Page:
Scott Frank’s A Walk Among the Tombstones, set in 1999 during the lead-up to the possible upheaval related to the Y2K bug, is first and foremost an absolutely dreadful period piece. There’s plenty of talk about Yahoo, Internet start-ups, and advertisements for Y2K preparations, but none of this hullabaloo informs the gloomy murder mystery that brings Liam Neeson’s Matt Scudder, an unlicensed private investigator, into contact with Kenny Kristo (Dan Stevens), a wealthy drug trafficker whose wife was kidnapped and hacked into pieces. As the film shambles along, Frank infers other thematic concerns, from alcoholism and gun control to the nature of vengeance and jealousy, but they all come to be little more than window dressing for a run-of-the-mill detective story in line with ’90s thrillers like The Bone Collector.
As if to underline the film’s hardboiled intentions, when Scudder meets TJ (Brian “Astro” Bradley), a homeless adolescent who eventually becomes his “associate,” the young man speaks knowingly about Sam Spade and Philip Marlow. And Frank’s script, adapted from Lawrence Block’s novel, delights in sporadic bouts of pulpy dialogue and dark humor, a way of breaking up the severity of the gruesome murders carried out by a psychopathic duo (David Harbour and Adam Davis Thompson) posing as DEA agents. Indeed, what starts with Kristo’s wife becomes a series of murders aimed at the wives and daughters of drug dealers, but Frank’s teasing of these killers’ motives remains consistently vague and comes to nothing by the time the bloody finale rears its head.
Not unlike Frank’s debut, The Lookout, the film brandishes an overabundance of story, which the appealingly shaggy presentation only partially alleviates. The attention given to characters like TJ, who has sickle-cell anemia and has dreams of becoming a comic artist, would be easier to admire if his function in the plot wasn’t solely to use computers, provide comic relief, and explain slang to Scudder. In a more daring move, Frank allows us to see the murderers on their downtime, a promising crib from The Vanishing, but they’re only marginally developed as characters, and the tactic ends up watering down the miniscule menace the film originally exudes. And the film’s detailing of the tragic incident that caused Scudder to hang it up as a policeman and quit the drink never resonates enough to give Frank’s cutting between the final showdown and a recitation of AA’s 12 steps the emotional impact he’s clearly looking for.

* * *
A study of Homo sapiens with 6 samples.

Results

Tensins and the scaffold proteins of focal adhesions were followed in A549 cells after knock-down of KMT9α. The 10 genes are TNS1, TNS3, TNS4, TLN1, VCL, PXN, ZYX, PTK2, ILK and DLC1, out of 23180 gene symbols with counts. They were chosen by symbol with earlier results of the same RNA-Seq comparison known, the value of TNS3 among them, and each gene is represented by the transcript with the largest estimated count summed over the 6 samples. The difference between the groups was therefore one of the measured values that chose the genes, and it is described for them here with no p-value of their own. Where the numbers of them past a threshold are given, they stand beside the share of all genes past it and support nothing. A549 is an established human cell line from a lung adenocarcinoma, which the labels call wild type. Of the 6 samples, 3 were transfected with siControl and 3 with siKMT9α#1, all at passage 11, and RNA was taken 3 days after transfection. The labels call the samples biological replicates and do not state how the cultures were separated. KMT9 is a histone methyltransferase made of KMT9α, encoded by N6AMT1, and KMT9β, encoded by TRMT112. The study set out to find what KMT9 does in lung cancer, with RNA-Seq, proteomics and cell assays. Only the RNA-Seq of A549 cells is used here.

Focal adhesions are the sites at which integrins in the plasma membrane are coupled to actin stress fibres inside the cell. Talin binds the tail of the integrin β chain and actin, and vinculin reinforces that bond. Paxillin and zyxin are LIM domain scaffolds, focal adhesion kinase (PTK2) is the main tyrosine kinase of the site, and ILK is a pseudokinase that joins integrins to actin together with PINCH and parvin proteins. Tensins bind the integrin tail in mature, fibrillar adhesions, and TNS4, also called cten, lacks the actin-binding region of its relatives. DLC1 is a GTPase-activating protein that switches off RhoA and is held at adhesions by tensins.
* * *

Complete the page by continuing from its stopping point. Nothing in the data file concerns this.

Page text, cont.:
In trying to reimagine the Spade-Marlow archetype in the modern age, Frank renders his crime story a woefully scatterbrained ensemble piece, remarkable only for the multitudes of subplots that the writer-director introduces. Though Scudder shows a determined dedication to the rehabilitation of his alcoholism, the flippant attitude Frank shows toward Kristo’s smack-addled brother (Boyd Holbrook) and his bid for redemption only softens his concern with the struggles of addiction. This, however, pales in comparison to the utterly hypocritical take on the dangers of gun violence. After discovering a gun in TJ’s backpack, Scudder goes the long way to remark that he might as well blow his brains out, as if that’s the only way gun violence ends. This speech is one of the more memorable parts of the film, but its intentions are washed away as guns end up saving Scudder, as he uses his old sidearm to wound one of the killers and finish off the other one, while the decision to not use a gun ultimately leads to at least one major character’s death. Guns are something of a necessary evil to Frank, just as his wonky, familiar moralism and tinny humanism seems to be necessities to cover up the lack of narrative invention and visual style in this messy mass of pulp.